1.8M Acres of Alaska Drilling Leases Go Up for Bid
ANCHORAGE, Alaska - The Interior Department is offering oil and gas leases on 1.8 million acres of Alaska's National Petroleum Reserve while promising to protect critical migratory bird and caribou habitat.
Interior Secretary Ken Salazar said Friday that the Bureau of Land Management will offer 190 tracts, covering more than 2,800 square miles, with bids to be opened Aug. 11 in Anchorage. The sale is one of dozens, mostly in Western states, that Salazar announced in November.
The petroleum reserve on the North Slope was originally created by President Warren Harding in 1923 and covers 23 million acres - an area slightly smaller than the state of Indiana. It currently has 310 authorized oil and gas leases totaling more than 3 million acres.
BLM has withdrawn for lease sale consideration lands in a buffer zone around Teshekpuk Lake, citing its importance to migratory birds. The area contains significant molting habitat for black brant, Canada geese and greater white-fronted geese.
The buffer zone also includes calving grounds for the Teshekpuk caribou herd, an important source of subsistence hunting for North Slope villages. In recent years, the herd has almost doubled in size - reaching about 70,000 animals.
Salazar said the lease sale reflects the Obama administration's efforts to encourage environmentally responsible energy development to ease the nation's reliance on imported oil.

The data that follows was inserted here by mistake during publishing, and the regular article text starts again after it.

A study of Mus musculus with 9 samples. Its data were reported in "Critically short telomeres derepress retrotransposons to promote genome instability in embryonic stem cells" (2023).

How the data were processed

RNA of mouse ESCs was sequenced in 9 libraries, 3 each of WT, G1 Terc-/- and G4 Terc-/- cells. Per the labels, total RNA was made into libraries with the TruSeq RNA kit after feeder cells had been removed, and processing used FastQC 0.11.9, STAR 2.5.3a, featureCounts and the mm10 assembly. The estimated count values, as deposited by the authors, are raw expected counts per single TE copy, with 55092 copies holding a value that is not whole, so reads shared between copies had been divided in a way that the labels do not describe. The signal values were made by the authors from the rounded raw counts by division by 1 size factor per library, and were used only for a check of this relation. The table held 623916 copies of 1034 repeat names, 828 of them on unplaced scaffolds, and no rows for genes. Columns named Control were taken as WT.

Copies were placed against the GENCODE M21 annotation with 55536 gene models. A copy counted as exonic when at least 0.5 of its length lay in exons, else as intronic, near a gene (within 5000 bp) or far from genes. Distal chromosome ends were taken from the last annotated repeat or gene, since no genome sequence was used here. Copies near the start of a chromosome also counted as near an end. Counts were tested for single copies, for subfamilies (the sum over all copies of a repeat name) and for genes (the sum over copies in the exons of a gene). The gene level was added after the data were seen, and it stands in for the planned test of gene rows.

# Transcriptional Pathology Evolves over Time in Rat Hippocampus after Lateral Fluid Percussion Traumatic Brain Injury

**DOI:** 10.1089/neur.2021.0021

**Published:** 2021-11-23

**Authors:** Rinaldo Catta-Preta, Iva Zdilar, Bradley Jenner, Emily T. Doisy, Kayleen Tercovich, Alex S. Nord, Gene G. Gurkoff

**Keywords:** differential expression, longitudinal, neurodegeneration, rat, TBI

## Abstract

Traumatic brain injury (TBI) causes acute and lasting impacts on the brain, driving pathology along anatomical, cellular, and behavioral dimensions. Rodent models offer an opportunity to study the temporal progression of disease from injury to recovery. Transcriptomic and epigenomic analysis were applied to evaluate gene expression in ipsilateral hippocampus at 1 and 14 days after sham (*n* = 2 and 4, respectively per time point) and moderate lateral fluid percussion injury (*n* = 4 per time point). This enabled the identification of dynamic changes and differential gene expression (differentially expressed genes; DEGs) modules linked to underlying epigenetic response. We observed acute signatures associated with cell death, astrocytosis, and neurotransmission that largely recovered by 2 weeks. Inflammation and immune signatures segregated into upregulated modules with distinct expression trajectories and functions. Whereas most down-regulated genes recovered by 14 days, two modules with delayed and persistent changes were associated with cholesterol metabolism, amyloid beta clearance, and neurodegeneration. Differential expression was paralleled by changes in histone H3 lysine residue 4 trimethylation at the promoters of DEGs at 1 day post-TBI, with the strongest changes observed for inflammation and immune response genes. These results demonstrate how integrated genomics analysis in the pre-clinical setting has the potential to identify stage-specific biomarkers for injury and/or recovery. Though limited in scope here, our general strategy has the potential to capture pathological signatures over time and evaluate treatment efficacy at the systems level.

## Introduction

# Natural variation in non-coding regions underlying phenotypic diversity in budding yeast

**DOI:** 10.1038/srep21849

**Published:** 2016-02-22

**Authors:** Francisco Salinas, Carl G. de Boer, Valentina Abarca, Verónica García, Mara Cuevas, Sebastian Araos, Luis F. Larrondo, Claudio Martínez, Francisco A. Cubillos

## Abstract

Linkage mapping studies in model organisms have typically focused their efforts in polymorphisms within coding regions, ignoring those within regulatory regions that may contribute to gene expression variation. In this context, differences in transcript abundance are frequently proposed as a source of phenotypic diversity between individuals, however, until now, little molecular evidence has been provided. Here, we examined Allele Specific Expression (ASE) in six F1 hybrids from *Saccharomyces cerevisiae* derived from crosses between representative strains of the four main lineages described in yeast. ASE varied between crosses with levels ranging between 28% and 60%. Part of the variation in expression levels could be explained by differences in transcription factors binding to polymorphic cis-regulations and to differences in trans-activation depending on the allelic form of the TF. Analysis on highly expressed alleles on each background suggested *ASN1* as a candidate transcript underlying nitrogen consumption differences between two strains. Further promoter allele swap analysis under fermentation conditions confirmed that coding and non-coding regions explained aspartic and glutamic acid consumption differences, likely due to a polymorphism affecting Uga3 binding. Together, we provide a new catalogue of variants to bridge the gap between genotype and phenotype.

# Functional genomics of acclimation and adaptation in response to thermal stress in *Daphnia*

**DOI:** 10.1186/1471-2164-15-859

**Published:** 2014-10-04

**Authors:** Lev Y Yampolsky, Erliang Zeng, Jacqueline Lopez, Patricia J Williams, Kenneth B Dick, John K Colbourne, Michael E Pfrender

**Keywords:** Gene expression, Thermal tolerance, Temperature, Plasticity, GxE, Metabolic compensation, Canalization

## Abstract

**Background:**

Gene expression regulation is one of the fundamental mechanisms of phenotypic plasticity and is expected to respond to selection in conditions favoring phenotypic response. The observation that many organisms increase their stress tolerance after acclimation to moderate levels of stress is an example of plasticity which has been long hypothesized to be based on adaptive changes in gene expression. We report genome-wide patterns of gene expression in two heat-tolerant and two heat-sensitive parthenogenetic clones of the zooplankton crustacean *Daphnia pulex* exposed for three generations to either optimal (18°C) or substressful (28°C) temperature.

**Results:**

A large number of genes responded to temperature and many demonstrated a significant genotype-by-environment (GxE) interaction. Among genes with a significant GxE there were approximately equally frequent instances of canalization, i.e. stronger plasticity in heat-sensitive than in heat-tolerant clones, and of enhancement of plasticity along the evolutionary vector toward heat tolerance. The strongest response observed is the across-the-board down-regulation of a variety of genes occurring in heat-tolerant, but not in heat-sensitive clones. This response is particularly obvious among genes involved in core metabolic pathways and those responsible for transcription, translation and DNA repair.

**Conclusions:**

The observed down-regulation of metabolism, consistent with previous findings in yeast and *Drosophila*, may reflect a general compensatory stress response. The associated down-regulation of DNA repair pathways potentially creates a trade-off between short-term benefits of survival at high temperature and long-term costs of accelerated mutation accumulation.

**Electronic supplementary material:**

Eric Myers, of Audubon Alaska, considered BLM's plan "quite reasonable," saying the agency provided additional areas for drilling while protecting special wildlife habitat.
But Brendan Cummings, an attorney for the Center for Biological Diversity, said the reserve is the country's largest and most intact unprotected wilderness area, and protecting Teshekpuk Lake isn't enough.
"They're not going to cut out its heart, but they're still cutting off an arm and a leg," he said.
Cummings said politicians unwilling to allow leasing in the Arctic National Wildlife Refuge to the east are willing to sacrifice the petroleum reserve, where, he said, caribou, wolves and waterfowl also need protection. Just having a sale, he said, defeats the original purpose of setting aside the land, which was to provide a reserve of petroleum resources as an emergency supply in time or war or other crisis.
"This lease sale is yet another symptom of a flawed energy policy where irreplaceable wildlands are sacrificed for a short-term oil fix," Cummings said.